Thursday, June 16, 2016

“Digital Agility” Book Introduction Chapter 4: The Pitfalls in Agile Movement

Agile is not a process you can implement but rather a change of culture.

Agile is emerged as a philosophy to run today’s digital organization with a set of principles to refine business culture and management discipline. However, Agile transformation is not an easy journey, Can Agile fail? What are the biggest problems facing people or companies when they decide to go Agile -not just doing Agile, but being agile? What are the pitfalls to fail you, and how can you learn from your or other’s mistakes and make a continuous improvement?

Agile doesn’t fail; people do: Agile is not a process you can implement but rather a change of culture. It sometimes fails because this is really difficult to nurture, and companies don’t realize benefits quickly enough. In the context of moving from traditional method to agile, failure always happens due to poor management. Regardless of the process, agile or not, to succeed in Agile, the entire organization has to be aligned. Agile is a way of delivery. The problem of failure is not knowing enough to assess what is actually better, and having a rigid process that’s developed by people outside the team, or it’s caused by a misunderstanding about Agile principles. Often Agile is used as a synonym for “unprofessionalism,” “we don’t do estimates, we are agile,” “there is no documentation, we are agile,” etc. Overall speaking, it is the lack of periodic health check in terms of team level, program level, and enterprise level adoption.

Too much focus on individual features vs. wholeness: One of the most common failure with Agile projects comes from the tendency to think in terms of individual features vs. wholeness, which leads to all kinds of problems. Look at agile efforts from the business side, misalignment is a common failure. The thread from features to products to portfolios to business and product roadmap stray to separate paths leaving a well managed individual agile product efforts out in the weeds in relation to the other elements. It’s so easy to lose sight of the big picture. People cherry pick easy steps or processes of Agile but lose the sight of ultimate business goals. Thus, they can’t reap the full benefits of agile. In a nutshell, the poor assessment of where you are and where you are going to, combined with a bad planning on how you are going to achieve your goals.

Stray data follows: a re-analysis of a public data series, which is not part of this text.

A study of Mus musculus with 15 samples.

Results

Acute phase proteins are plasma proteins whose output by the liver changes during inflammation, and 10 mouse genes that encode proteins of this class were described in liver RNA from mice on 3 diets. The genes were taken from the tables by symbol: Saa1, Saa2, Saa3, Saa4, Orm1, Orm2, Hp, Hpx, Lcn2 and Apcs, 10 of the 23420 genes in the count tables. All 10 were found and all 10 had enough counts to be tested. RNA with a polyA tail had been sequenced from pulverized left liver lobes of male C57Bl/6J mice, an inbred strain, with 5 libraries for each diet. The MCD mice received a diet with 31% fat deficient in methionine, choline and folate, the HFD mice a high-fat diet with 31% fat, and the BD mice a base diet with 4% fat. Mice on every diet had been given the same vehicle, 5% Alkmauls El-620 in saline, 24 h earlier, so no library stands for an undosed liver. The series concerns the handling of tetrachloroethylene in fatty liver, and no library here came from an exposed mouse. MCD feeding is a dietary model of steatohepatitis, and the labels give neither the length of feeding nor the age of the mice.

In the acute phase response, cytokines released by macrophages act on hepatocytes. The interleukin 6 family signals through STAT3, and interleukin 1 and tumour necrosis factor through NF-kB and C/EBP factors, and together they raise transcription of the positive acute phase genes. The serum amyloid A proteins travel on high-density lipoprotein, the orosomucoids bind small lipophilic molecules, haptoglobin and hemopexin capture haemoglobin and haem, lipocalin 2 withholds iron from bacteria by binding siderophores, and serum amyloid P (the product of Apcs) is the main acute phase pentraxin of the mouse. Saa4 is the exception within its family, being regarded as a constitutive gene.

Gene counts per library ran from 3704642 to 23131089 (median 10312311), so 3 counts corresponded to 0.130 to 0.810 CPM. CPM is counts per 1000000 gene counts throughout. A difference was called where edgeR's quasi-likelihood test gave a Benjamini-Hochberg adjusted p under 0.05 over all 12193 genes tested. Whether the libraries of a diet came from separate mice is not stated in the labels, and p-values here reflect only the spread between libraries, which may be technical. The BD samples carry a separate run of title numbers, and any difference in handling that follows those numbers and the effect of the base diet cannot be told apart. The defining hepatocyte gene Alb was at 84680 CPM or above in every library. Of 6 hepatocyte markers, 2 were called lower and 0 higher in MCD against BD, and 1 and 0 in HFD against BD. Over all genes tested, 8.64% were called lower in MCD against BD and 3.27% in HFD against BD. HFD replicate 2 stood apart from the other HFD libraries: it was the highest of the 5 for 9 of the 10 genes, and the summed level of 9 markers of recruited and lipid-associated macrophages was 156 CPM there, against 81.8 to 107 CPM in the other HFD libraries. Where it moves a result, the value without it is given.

All failures should be learning experience, fail fast and fail forward: No one like failures, but often failure knocks our door before success. Some failures are good and some are bad. Regardless of if it’s good or bad, the outcome is not anticipated and expected. If you never fail, you are never taking any risks, or you are calling things successful that weren’t. Hence, one should not be paralyzed if there is a possible failure, and you should investigate it early and find out whether or not it can be addressed. There is no value in failure itself, be it fast or slow. The value is how you respond to failure, and how you respond is dependent upon what you learn from it. Only then can “failing fast” be utilized as a tactical advantage.  

There are many pitfalls on the way. One of the most important fundamentals of Agile is the emphasis of producing “Learning” Teams - not only learning about the products you are developing but also learning how best to work as a team. The organizational leadership should embrace agile philosophy, building agile practices iteratively and becoming a learning organization, fail fast and fail forward.